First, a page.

I Smiled First
Original title: Moi qui ai souri le premier
With his sharp and powerfully evocative language, Daniel Arsand gives an account of the patterns that early experiences of love and sex imprint on our existence. — Marie Fouquet, Livres Hebdo
At one point in this book, Daniel Arsand writes: Storms and ruins are not the only thing inside me. And yet Moi qui ai souri le premier could be read as a private tour of the storms and ruins left behind in him by three decisive encounters – three memories of adolescence that are also possible acts of betrayal which not only signal the end of innocence but also the premature demise of hopes and dreams. A rape, a disappearance, a beating: three episodes of extreme violence – described by the writer with a forceful simplicity and an unflinching objectivity and directness – which structure the early life of a gay boy and serve to alienate him before he even reaches adulthood.
But in what is without a doubt Daniel Arsand’s most searingly intimate and rawest book to date, the honesty is pushed even further as he seeks to identify the source of an original solitude that is acknowledged, and perhaps even sought after and embraced, from his very earliest childhood.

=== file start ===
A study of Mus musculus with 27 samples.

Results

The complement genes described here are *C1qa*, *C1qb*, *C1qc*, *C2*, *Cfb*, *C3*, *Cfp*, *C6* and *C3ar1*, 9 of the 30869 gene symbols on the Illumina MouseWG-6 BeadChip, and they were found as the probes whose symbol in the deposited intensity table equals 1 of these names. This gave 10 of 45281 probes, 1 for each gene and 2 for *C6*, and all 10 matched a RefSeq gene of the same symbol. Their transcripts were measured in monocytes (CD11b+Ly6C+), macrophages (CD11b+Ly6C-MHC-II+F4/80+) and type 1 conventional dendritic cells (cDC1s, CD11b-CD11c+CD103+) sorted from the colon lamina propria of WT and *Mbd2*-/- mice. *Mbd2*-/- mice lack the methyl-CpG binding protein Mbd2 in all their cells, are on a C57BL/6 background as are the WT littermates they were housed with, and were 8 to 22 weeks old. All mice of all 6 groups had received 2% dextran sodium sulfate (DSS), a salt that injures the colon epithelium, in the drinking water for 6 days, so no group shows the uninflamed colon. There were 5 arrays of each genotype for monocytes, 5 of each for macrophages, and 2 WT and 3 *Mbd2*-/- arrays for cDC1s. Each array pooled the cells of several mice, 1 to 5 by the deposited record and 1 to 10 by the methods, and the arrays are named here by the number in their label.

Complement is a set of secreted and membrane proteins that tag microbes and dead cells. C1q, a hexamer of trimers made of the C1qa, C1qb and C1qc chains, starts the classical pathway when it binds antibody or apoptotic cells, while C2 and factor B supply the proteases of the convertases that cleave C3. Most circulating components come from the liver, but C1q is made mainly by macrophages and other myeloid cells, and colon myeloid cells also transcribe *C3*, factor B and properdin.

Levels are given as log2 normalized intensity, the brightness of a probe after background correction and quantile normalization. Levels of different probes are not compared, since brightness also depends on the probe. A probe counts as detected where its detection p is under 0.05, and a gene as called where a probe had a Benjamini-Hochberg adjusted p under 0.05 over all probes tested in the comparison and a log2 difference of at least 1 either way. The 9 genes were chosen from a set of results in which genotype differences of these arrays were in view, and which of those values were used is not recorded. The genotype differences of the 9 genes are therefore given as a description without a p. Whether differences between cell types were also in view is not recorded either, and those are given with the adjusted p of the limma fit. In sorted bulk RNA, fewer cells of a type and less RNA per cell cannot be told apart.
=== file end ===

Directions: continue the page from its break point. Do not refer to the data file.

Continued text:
And what Moi qui ai souri le premier also forces us to confront is the fact that the homophobia inherent in a society and an age will destroy all hope of love, since it injects violence into the very heart of a stigmatised sexuality and chips away at trust at the very moment when desire is first awakened.
In Moi qui ai souri le premier, Daniel Arsand addresses these issues for the first time, and this ferociously literary and deeply courageous book eschews any comfort zones, for either author or reader. Many other books – his own and those of others – had to precede this one before he could allow himself to write it, having reached the stage where he felt he had no other choice.
After various explorations of the ‘liberating of one’s voice’ and attempts to define consent and measure the repercussions of sexual violences on the lives
and self-perceptions of victims, the forceful and singular voice of Daniel Arsand moves onto the terrain of language, searching for rays of light, sources of strength, and instances of beauty in the wake of the devastation. Once again, it is the dazzling writing that gives the content its force in a book that could be read as the ‘making of’ his remarkable Je suis en vie et tu ne m’entends pas. But also as the unmaking of an entire life.